Bilingual Jobs in Kansai
By Oscar Johnson
Getting a better salary may be easier - and more essential - than you think. Some new hires should note that their starting salary may be the last chance to negotiate before being locked into a pay structure. Others may find that their next pay raise is a simple negotiation away.
Whether negotiating a starting salary or vying for a raise, all the experts agree on one thing: Do your homework. Arm yourself with the facts about the market value of the position at hand. Study salary surveys - and make sure they are relevant to the company’s size and location. What are the salaries for similar positions at the same company? Glean information from coworkers, friends and associates in the same, or a similar, field. This, however, is only part of what you need to know to negotiate.
You also need to know your individual worth as an employee. What is the market demand for someone with your particular skill set and experience? It’s important to confidently impress upon the employer and potential employer alike that you know the value of the job. But it’s equally important to show how you stand out from the crowd.
When seeking a pay raise, be prepared to back up your request with performance reviews and other examples of how you have met or exceeded goals and helped your department or company do the same. If you or the projects you’ve managed have made notable revenue for the company, know how much and cite documented figures to support your claims.
Similarly, when bartering for a starting salary, offer such past examples as evidence of the value of your ability to apply your unique skill set and experience. Highlight other unique assets you will bring to the firm such as useful contacts or knowledge of related industries. When you make you move is also crucial to getting the pay you deserve.
As the saying goes, “timing is everything.” For those looking to increase their pay, commonsense dictates waiting until you can prove the fruits of increased duties, responsibilities or productivity before approaching your boss. Likewise, better results may be achieved by asking for a pay raise at the end of a fiscal or calendar year, before the next budget sign-off or around the anniversary of your hire date.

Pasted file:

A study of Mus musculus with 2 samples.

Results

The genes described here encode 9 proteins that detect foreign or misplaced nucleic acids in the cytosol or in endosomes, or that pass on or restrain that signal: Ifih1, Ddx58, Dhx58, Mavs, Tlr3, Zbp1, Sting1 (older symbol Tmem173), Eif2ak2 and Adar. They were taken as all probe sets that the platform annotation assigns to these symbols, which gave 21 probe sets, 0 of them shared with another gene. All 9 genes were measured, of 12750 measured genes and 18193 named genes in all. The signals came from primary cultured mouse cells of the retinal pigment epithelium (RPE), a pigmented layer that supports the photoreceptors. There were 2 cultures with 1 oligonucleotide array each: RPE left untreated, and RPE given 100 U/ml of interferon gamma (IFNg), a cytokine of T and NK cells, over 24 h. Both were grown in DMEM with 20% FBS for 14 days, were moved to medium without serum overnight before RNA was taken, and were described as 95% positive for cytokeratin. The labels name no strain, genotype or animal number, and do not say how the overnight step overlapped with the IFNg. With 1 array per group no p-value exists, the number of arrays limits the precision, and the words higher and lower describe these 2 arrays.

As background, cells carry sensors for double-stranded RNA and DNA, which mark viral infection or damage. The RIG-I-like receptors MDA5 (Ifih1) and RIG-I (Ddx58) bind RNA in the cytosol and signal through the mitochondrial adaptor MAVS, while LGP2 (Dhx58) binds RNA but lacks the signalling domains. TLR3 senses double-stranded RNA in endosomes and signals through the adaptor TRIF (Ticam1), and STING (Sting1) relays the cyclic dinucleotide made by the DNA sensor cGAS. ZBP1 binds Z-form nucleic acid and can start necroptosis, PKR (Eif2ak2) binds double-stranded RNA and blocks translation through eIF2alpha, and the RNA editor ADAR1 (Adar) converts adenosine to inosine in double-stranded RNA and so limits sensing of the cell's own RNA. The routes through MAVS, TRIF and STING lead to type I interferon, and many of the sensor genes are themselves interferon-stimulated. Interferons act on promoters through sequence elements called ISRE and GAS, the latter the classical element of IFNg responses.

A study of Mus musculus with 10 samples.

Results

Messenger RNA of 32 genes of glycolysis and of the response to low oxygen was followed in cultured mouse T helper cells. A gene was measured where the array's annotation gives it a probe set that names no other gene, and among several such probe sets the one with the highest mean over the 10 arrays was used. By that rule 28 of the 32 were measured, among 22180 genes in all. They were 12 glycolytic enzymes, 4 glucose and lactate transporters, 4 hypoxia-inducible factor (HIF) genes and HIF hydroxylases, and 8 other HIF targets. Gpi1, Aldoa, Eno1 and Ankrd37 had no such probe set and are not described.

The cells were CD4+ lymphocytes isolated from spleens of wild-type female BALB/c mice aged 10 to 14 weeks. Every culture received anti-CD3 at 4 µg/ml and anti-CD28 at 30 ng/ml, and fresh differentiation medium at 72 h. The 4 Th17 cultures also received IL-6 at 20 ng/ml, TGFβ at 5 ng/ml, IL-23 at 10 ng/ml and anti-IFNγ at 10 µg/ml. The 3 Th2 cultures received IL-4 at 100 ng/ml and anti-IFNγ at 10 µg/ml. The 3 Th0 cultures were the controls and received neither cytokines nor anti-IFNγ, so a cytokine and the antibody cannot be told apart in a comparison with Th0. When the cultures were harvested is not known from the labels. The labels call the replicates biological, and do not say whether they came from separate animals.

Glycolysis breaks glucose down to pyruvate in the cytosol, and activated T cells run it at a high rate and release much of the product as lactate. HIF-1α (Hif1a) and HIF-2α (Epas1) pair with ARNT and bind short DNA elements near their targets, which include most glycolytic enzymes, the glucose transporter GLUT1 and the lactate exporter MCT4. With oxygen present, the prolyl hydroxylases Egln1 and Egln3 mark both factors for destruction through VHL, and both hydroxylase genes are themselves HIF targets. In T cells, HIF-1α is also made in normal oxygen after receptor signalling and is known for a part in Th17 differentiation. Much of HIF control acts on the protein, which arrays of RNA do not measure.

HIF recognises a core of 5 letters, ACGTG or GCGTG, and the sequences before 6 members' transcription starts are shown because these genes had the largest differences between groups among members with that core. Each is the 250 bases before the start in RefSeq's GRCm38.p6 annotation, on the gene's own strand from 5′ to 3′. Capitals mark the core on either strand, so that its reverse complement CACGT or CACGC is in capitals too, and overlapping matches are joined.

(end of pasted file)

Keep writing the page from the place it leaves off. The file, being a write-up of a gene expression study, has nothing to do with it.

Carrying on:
Approach your supervisor, never human resources, to set up a meeting to discuss salary. Support your request with documentation and allow your boss time to talk with HR and other company managers. Remember that no matter how much you deserve a raise - in your mind or your boss’s - an ultimatum is likely to be seen as a challenge; the stuff of someone who ‘causes trouble.’ An undesirable in any firm, but severely frowned upon by most Japanese.
For negotiating a starting salary, the game is a bit more nuanced but timing is equally - if not more - important. Never be the first to broach the topic of salary in an interview. For Jack Chapman, career coach and author of “Negotiating Your Salary,” the No. 1 rule is to wait until the potential employer makes a serious offer. This is because you usually don’t have enough information to know the worth or potential of the job.
“Postponing without upsetting your interviewer requires tact,” Chapman writes regarding the “what are your salary expectations” question. Ideal answers can include, “I’ll need to know more about the job” or “I need more time to think about it.” But that doesn’t mean you shouldn’t have a clear idea of what you want. (In the event that you must show your hand first, use the high end of the salary range you learned from your research.) If a serious offer has been made, stalling can also buy time to gather more information for a future negotiation.
Start off the bid with a figure higher than you are willing to accept and don’t talk too much. In fact, get the employer to do most of the talking by asking open-ended questions. Stick to the facts: what you learned from your research, your professional self-assessment and the job in question.
Lastly, bear in mind that circumstances such as budget constraints and company policies can tie an employer’s hands regarding pay. In such cases, potential new hires and current employees alike might consider negotiating for more vacation time or other perks included in the total salary package. These can be higher bonuses and commissions or even getting the employer to contribute more for a better health-care or retirement plan.